12 August 2012


Mitt Romney made the right call.  I don't know if it will help or hinder his chances for success in November, but it does show that the Romney (now the Romney-Ryan) campaign will be more about  the facts and new ideas than their opponent's touchy-feely scare-mongering retreat to the out-moded aims and harmful effects of 1932 and 1965. 

Ryan is one of the most intelligent people in our current government.  He speaks the truths that others are unwilling to utter.  The federal behemoth takes from and spends altogether too much of the people's money on things that are not the within the sphere of federal responsibility.  We are going broke kowtowing to special interests that are all take and no give.

Now, the American electorate may be too selfish or too stupid to take his words to heart, but when Ryan speaks, we surely ought to listen.  Even if the R-R team loses in November, we can go back and listen to Ryan's utterances to understand what happened and why when the biggest bubble of them all finally bursts

11 August 2012


I went to the post office the other day to buy stamps and mail a snail-mail letter!  (Wait for gasps and shudders to subside.)  I noted the the national colors were at half-mast.

"Who died," I asked. The clerk at the counter gave me a puzzled look.  "Why is the flag at half-mast?"

He didn't know, but actually went back to check.  "It just came in this morning," he said.  "The President ordered all flags to be at half-staff (sic) until Friday for the Sikh shooting."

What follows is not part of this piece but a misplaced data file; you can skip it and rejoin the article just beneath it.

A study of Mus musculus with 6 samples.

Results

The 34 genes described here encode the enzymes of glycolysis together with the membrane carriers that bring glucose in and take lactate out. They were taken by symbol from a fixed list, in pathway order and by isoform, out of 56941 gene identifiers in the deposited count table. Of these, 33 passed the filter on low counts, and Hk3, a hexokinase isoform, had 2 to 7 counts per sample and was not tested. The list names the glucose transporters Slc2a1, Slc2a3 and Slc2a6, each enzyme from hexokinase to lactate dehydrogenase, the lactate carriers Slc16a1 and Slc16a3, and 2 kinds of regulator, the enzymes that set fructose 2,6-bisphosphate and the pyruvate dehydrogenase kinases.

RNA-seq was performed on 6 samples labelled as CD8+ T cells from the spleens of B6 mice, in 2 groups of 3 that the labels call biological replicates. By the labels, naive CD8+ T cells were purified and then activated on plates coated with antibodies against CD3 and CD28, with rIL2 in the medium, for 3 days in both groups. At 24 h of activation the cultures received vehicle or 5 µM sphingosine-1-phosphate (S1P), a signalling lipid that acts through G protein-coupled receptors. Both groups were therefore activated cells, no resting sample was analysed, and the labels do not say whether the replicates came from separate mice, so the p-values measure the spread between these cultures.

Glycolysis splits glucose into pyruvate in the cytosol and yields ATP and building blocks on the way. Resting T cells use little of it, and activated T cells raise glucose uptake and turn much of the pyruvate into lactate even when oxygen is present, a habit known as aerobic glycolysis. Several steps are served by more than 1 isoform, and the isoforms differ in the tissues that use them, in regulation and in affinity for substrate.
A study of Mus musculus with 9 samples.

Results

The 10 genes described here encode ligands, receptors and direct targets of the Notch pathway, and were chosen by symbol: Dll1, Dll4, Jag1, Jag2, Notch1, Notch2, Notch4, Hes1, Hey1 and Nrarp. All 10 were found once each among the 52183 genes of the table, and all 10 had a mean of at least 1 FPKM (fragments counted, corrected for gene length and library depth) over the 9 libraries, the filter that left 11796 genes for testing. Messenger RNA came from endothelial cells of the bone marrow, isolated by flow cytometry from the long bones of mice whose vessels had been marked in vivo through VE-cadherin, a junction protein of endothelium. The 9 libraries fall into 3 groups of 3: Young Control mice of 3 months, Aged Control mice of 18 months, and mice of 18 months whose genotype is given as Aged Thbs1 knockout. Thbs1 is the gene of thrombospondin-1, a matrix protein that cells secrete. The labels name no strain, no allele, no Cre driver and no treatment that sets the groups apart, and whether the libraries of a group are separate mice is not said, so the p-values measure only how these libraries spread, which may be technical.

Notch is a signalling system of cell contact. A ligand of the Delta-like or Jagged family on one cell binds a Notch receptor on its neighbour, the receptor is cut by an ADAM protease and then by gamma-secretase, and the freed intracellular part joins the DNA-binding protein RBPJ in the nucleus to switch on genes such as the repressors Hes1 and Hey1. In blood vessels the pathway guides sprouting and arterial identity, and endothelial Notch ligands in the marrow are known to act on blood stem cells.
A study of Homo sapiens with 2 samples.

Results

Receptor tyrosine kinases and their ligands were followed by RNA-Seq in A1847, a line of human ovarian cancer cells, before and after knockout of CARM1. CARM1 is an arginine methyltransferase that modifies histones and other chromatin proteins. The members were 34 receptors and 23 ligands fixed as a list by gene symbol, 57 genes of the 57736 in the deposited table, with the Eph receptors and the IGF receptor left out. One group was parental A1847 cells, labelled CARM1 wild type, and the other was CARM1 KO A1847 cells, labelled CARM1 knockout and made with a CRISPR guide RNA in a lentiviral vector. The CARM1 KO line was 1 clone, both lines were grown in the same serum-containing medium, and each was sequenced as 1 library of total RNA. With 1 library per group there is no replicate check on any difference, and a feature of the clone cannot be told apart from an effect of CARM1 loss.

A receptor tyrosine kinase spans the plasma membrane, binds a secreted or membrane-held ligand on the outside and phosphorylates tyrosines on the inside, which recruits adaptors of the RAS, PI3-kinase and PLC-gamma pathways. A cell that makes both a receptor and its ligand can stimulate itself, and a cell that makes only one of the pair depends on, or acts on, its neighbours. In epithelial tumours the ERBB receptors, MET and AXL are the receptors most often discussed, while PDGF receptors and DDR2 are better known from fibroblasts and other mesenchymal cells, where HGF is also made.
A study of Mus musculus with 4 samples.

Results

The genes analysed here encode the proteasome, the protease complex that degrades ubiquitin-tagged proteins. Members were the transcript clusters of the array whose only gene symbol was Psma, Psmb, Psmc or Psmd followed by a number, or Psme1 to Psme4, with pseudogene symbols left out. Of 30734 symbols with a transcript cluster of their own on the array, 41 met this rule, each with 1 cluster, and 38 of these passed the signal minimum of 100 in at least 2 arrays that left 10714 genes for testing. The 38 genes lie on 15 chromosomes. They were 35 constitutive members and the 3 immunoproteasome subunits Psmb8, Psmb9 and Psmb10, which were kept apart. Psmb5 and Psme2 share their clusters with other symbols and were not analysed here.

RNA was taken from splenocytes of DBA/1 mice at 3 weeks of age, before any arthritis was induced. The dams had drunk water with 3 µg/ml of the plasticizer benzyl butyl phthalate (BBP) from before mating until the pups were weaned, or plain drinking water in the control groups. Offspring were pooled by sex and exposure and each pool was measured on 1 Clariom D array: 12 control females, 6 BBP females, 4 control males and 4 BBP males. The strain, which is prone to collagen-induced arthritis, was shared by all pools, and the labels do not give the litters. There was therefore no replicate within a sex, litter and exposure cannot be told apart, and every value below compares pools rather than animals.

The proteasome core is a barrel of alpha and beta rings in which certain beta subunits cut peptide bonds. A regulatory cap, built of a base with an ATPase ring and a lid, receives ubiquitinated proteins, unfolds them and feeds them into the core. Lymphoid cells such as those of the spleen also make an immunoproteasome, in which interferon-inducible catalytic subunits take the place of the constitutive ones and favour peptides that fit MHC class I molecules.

I have nothing against the Sikhs, or the movie-goers in Colorado, or the people at Virginia Tech, but why not just permanently fly the flag at half-mast if we're going to dilute this time-honored tribute to nothingness.  I remember when flying the flag at half-mast was a rarity, reserved for those special instances when the entire nation, or a part of it, was actively mourning.  The national colors were so flown only in the case of the death of a President, a Senator (in his home State), a Congressman (in his home district), a justice of the Supreme Court, or some other national figure. And, of course, the flag at a national cemetery was half-masted during the actual interment of a deceased member of the Armed Forces, or a deceased veteran.

In other words, this honor was reserved for someone who actively did something more for the Nation than going to church, or to a movie, or to class.  I chalk up  this dilution to two factors:  our elected leaders are willing to render meaningless what once was a real honor, all for a political benefit, and our schools no longer teach American History and Civics in any recognizable form.

I wonder how many of the Sikhs and the movie-goers (other than the members of the armed forces) ever rendered appropriate honors to that same flag while they were alive?  Just wonderin'.